Sacrificial Motorcycling

Steve Lita American Iron Magazine Editor

Steve Lita, American Iron Magazine Editor

Ride to Work

…making the decision to do without

I get lots of e-mails here at American Iron Magazine. Some come from readers, some from vendors and OEMs, and way too many from people who don’t have anything better to do than send out spam. But one just crossed my computer monitor that made me think. Seems a motorcycle manufacturer (a European brand that shall remain nameless, though here’s a hint: they’re known for making lots of red bikes) is promoting a new sales campaign based on the premise that you can now own a brand-new motorcycle for less than the cost of a good cup of coffee per day.

By the way, I love how they qualify what type of coffee (a “good” cup of coffee, not that cheap gas station stuff). It’s true, and they have the figures to back it up. A footnote at the end provides the supporting data. US News & World Report research shows that the average cost of a cappuccino in the US is $3.51. (I want that research dude’s job, traveling around buying cups of “good” coffee all day.) This is cappuccino we’re talking about here—after all, the company is Italian (hint #2). So with a payment plan of just $99 per month (after paying a specific down payment and $750 freight and setup fee), owning one of its motorcycles costs less than the $105.30 you would have spent on all that frothy, tasty, caffeine-laced goodness in a cup.

Sounds like a deal, right? Now comes the hard part: making the decision to do without one thing in order to have another. It happens all the time, you need to give up one thing you like, in order to get the thing you think you’ll like more. This is not the same as, say, ordering in a restaurant. “Can I have the loaded baked potato side dish instead of the creamed spinach (yuck)?” And that’s not meant to offend you creamed spinach fans out there. Giving up something you don’t like to get the one you do is a no-brainer. The sacrifice bunt in baseball is talked about often, and it benefits the team with the potential of scoring a run. The only person that doesn’t like it is the actual bunter.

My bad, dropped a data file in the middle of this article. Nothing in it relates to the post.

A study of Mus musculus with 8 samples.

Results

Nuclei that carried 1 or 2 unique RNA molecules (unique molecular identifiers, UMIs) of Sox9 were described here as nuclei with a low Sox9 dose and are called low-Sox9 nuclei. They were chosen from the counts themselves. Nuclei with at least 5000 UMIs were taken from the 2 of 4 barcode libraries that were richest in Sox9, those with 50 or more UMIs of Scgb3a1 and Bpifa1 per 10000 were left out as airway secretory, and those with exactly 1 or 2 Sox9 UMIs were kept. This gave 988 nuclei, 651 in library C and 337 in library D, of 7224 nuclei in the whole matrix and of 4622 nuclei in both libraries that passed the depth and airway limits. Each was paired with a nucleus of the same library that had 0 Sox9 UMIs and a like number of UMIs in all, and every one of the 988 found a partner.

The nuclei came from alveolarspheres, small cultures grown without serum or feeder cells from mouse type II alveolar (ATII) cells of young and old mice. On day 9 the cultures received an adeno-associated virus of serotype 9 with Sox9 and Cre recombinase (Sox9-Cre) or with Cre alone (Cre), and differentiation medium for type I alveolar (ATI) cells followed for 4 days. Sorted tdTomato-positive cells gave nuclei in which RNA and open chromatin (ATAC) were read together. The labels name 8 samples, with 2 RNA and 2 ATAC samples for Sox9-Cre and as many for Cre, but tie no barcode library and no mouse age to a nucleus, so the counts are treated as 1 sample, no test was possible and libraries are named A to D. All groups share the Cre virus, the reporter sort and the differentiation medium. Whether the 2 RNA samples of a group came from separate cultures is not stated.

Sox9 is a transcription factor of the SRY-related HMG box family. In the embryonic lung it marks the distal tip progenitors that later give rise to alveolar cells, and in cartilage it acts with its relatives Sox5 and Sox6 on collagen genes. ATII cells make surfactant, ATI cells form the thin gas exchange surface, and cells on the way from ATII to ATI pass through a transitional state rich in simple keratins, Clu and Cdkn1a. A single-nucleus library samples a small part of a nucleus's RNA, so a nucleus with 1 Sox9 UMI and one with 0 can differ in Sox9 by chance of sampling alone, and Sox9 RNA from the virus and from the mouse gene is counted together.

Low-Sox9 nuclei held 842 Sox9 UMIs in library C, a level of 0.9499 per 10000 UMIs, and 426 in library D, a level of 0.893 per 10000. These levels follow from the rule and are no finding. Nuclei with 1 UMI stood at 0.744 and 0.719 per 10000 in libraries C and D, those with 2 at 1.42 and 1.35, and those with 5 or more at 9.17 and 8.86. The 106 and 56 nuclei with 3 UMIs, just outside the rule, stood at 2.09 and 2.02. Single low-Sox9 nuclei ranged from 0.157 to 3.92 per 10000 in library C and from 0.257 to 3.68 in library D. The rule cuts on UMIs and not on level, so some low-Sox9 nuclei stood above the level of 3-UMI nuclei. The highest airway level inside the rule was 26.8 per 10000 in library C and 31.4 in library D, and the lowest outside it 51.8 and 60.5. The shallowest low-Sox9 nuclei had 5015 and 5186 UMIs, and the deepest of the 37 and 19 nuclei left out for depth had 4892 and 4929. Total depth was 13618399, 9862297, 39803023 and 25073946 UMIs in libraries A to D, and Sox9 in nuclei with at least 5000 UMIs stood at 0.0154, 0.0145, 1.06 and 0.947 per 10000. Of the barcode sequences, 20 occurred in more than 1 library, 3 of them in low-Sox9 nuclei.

So I extrapolated this idea into motorcycling, and, no, I’m not shopping for a new European bike today. But I have experienced similar tough decisions before. I see a rare, used motorcycle part on eBay, and I subsequently convince myself that I have to have it on my bike. So I immediately go to my parts sales auctions and lower the price to make them more attractive to other buyers. It’s fire-sale time. Yes, I’ll take the loss on this, to get the cash I need for that.
It’s a tradeoff. You can’t have it all—unless you’re independently wealthy and throw money around like it’s water (which reminds me of a meme I saw online: “Water is the most essential element of life, because without water, you can’t make coffee”). But even in that case, if you have both things, and it didn’t hurt to get them, then you might not value either as much as the person who gave up something valuable to get something of more value.

As riders we might give up time with family and friends to go riding, but as a result of that decision, we also have riding family and friends. So that might be a win-win situation, depending on your family. I know Motorcycle Safety Foundation (MSF) coaches who have given up a lot of weekend riding time in order to teach new riders how to ride safely. Both are fun, and the latter is a bit of a noble cause. We give up the comfort of a warm, dry car to ride a motorcycle in the rain in order to get to a bike rally, where we’ll inevitably have a raucous time. We give up our hearing temporarily to see a Kid Rock concert at The Chip in Sturgis. I can’t really sip my morning coffee (there it is again) on the days I ride my bike to work. And I give up hauling anything larger than what can fit on my bike. Saddlebags do have their limitations.

It’s said that a man should give up three month’s salary to buy an engagement ring. I guess those guys are going without food, beer, gas, an apartment, and car insurance for a while. And they say money can’t buy you love.

Next up is deciding what to give up. Better think about this. All that shimmers is not gold. Once you have time to think about it and perform the necessary research, maybe the item you desired wasn’t a must-have after all. As for me, I’ll keep taking my regular coffee (none of that decaf stuff) with cream, no sugar. Thank you.